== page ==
Dollar scarcity, occasioned by Central Bank of Nigeria (CBN)’s flexible foreign exchange policy, which banned importation of French Fries may have saved the country about $45 million (N14.1 billion) yearly, New Telegraph has learnt.
A top member of All Farmers Association of Nigeria (AFAN) and Chairman, Faniz Groups of Companies, Uchethe chukwu Aniezechukwu, disclosed this in a chat with this newspaper in Lagos. He said the N14billion would have been used to import French fries, a foreign potato chips delicacy.
Aniezechukwu said that the forex policy had made it difficult for fast food operators and supermarket owners to import French Fries , which Nigerians consume with relish. French fries are finger chips made from potatoes, a crop that is widely grown in many parts of the country.
Aniezechukwu noted that importers of French Fries have been groaning over the Central Bank of Nigeria (CBN’s) foreign exchange policy. The amount saved from the importation of French Fries he said, is huge considering the fact that N29.75 billion was budgeted for agriculture in the 2016 budget.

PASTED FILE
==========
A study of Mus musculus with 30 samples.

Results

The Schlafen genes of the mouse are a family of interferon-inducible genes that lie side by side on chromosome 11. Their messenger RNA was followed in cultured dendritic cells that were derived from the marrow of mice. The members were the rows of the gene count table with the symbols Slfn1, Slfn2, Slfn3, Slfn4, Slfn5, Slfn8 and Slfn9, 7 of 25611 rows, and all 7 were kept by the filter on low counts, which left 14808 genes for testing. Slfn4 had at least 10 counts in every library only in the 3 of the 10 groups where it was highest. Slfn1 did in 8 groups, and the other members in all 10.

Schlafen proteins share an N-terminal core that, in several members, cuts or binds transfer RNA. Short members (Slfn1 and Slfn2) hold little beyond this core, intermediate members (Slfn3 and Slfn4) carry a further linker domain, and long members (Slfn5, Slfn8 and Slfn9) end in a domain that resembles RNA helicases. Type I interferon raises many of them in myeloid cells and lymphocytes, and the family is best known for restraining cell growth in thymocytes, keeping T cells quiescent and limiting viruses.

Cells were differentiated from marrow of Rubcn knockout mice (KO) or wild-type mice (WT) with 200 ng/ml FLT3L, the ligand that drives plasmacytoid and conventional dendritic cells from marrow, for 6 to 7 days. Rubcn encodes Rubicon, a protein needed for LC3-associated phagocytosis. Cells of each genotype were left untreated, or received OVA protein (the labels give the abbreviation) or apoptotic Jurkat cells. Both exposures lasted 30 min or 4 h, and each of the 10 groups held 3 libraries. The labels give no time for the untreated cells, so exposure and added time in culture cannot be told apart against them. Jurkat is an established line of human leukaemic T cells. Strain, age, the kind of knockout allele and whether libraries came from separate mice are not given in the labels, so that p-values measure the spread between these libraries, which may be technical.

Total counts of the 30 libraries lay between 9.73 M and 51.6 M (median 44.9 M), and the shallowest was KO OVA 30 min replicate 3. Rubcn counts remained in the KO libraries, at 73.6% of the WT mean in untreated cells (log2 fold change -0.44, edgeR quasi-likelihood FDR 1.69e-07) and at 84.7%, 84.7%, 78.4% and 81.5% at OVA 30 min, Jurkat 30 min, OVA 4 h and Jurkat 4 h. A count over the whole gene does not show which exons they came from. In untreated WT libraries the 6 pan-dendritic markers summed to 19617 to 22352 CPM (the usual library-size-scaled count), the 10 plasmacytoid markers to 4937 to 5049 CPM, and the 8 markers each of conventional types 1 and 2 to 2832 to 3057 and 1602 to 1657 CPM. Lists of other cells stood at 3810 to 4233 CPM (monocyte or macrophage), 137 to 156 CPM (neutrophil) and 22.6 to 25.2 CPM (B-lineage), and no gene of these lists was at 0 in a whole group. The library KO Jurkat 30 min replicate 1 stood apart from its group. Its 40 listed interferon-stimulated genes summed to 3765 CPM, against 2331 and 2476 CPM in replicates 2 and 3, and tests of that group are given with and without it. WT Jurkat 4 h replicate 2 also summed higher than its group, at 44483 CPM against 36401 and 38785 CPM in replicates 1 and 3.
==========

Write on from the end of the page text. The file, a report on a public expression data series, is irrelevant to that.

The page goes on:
He said that the ongoing economic woes had lowered profit projections of many fast food operators and supermarket owners that display foreign products in their outlets. Besides, he said that the tight dollar restrictions had forced domestic lenders to delay hard currency loans and trade repayments to foreign banks, which increases the risk of default.
The Nigerian economy entered a recession in the second quarter, after persistent low oil prices hammered vital public finances and the naira, prompting foreign investors to flee bond and equities markets, which caused chronic dollar shortages. The CBN floated the currency in June to ease dollar shortages and preserve its dwindling reserves. It allowed the naira to tumble 30 per cent on the day of the float from its 16-month pegged rate of 197 per dollar.
The currency move helped Nigeria’s trade balance gain some ground to stand at minus N196.5 billion in the second quarter, the National Bureau of Statistics (NBS) said from minus N351.3 billion in the first quarter.
“The improvement in export value is largely due to the depreciation in the value of the naira,” it said in a statement. “This development arose from a rise of 63.3 per cent in the value of exports largely due to exchange rate gains combined with a rise of 38.1 per cent in the value of imports against the levels recorded in the preceding quarter.”